DENVER, CO — The House today took overwhelmingly bipartisan votes to pass two bills sponsored by Representative Bri Buentello that would give educators the tools they need to serve special education students and allow disabled veterans to more easily access State Parks free of charge. 

“Passing these bills today represents one of my proudest accomplishments in the state legislature so far,” said Rep. Bri Buentello, D-Pueblo. “These simple proposals will make an important and lasting impact on veterans, servicemembers, and their families — not to mention special ed students and Colorado’s educators. Teachers, police officers, veterans, and military families are communities that are near and dear to my heart, and I’m glad we were able to deliver big wins for them today.”

HB20-1128, which is sponsored by Representatives Buentello and James Wilson, R- Salida, would require that educators (teachers, principals, administrators, etc.) complete ten hours of special education related professional developments before renewing their licenses.  The bill would also require educator preparation programs to include coursework on inclusive teaching practices relating to the education of students with disabilities, individualised education programs, behavioral concerns, and effective special education classroom practices. It was passed by a vote of 51-8.

Currently, Colorado veterans who display a disabled license plate receive free access to Colorado’s state parks or recreation areas. Veterans who cannot, or do not, drive are unable to take advantage of free state park access. Under SB20-069, disabled veterans will be able to enjoy free access to Colorado’s state parks without having to first acquire a license plate. It was passed unanimously on third reading by a vote of 60-0.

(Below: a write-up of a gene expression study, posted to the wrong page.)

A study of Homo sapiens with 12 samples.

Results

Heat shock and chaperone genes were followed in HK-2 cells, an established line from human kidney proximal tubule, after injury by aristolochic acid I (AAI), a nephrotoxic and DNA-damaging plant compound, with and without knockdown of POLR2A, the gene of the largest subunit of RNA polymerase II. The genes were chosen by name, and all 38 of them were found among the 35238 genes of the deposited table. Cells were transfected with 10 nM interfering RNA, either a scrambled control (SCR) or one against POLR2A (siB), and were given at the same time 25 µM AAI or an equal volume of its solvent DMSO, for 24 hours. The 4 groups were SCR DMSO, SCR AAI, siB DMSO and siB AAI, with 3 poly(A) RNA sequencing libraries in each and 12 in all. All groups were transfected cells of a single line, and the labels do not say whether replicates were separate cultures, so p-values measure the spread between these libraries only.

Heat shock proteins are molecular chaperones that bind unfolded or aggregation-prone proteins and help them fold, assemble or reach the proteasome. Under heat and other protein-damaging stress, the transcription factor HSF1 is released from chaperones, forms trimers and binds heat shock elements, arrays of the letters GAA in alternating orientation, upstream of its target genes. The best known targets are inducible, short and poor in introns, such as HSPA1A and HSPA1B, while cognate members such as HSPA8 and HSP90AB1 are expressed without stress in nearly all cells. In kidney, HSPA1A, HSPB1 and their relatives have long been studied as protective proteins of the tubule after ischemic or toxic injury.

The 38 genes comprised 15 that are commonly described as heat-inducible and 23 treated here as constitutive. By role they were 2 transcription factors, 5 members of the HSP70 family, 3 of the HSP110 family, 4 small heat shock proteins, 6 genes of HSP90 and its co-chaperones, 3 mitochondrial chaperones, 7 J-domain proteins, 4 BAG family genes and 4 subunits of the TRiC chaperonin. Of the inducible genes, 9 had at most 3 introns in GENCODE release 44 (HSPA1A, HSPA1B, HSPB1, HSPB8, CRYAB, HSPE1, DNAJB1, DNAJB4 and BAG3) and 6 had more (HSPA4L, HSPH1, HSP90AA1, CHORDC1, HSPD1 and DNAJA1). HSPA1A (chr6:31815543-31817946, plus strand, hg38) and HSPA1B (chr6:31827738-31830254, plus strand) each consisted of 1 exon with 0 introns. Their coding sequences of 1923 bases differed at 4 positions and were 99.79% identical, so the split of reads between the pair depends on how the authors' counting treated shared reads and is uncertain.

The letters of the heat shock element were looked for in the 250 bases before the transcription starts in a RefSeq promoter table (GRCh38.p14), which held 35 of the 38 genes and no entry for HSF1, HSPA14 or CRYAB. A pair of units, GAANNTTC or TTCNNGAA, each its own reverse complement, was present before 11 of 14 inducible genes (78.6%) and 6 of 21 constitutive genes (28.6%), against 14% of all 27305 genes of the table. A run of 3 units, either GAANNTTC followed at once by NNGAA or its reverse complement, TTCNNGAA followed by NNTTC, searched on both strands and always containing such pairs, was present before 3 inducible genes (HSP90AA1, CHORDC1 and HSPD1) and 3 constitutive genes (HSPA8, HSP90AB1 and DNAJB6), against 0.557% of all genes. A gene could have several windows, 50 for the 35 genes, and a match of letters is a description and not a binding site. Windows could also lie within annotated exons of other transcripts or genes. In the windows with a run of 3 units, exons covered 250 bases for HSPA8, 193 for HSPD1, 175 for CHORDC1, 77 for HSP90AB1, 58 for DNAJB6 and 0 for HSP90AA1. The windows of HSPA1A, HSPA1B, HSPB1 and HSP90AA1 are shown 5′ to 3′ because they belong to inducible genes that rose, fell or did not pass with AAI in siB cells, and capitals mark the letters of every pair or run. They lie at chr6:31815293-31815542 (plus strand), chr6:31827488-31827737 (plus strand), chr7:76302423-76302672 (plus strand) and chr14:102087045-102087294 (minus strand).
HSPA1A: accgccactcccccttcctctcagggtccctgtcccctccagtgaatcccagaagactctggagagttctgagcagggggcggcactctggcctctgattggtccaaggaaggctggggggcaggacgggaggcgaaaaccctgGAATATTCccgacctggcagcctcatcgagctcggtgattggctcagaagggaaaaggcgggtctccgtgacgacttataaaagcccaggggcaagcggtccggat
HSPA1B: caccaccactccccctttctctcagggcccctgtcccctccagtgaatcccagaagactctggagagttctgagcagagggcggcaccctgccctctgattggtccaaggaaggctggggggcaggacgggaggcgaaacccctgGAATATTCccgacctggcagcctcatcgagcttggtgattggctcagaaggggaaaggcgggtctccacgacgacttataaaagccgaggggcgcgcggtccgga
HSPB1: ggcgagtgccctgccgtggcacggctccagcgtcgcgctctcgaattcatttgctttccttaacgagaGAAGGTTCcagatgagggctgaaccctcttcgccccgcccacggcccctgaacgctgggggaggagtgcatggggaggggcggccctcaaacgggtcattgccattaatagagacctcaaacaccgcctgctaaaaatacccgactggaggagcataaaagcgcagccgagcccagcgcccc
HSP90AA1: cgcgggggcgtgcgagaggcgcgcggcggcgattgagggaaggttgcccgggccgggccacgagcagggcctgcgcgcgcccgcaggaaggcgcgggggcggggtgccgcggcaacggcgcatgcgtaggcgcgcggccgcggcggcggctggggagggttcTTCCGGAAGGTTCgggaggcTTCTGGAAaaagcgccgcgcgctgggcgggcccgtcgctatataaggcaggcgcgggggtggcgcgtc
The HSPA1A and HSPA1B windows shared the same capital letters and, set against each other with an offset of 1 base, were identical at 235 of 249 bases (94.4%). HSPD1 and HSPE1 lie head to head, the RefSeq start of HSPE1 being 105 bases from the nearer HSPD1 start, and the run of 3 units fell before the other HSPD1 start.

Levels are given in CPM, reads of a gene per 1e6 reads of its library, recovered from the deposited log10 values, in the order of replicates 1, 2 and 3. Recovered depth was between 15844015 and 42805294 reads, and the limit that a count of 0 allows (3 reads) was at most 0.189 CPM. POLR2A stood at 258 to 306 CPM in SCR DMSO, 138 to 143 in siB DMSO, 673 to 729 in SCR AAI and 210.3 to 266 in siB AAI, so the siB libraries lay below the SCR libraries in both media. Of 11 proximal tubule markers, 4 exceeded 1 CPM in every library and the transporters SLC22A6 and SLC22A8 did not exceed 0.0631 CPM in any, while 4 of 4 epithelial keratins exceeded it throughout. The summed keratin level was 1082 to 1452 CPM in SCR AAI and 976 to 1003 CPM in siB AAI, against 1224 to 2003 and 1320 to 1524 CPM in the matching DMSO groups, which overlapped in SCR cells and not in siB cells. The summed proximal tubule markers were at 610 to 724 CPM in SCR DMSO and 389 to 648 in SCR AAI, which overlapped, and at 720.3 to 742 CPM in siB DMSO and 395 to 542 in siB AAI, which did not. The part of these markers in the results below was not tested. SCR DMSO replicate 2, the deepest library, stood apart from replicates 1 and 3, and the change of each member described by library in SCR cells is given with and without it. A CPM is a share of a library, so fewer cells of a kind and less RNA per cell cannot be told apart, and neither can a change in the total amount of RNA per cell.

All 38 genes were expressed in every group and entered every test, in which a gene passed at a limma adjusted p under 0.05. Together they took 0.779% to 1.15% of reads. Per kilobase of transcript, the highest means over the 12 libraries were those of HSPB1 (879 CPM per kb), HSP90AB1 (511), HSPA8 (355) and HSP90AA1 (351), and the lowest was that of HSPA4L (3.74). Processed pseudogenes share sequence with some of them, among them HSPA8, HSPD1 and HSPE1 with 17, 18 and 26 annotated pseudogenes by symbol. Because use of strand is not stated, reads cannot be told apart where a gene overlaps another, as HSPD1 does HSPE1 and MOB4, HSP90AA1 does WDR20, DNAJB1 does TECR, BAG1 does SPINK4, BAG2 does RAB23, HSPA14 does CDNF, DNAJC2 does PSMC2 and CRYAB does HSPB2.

The House also gave preliminary approval to two of Rep. Buentello’s other bills to make it easier for veterans, servicemembers, and their families to receive in-state tuition at Colorado community colleges, and to provide scholarships for rural law enforcement agencies to pay for the cost of sending potential officers to training academies. 

HB20-1275, which passed on second reading, allows an active or honorably discharged member of the United States armed forces or one of their dependents to be eligible for in-state tuition status at a community college regardless of whether the person satisfies Colorado domicile or residency status.

HB20-1229, also passed on second reading, would establish a scholarship fund for rural and small communities to assist in paying for the cost of potential police officers to attend an approved basic law enforcement training academy. The cost of basic training that satisfies the peace officers’ standards and training (P.O.S.T.) requirements can cost thousands of dollars, which is especially prohibitive to potential candidates in rural areas where funds can be scarce.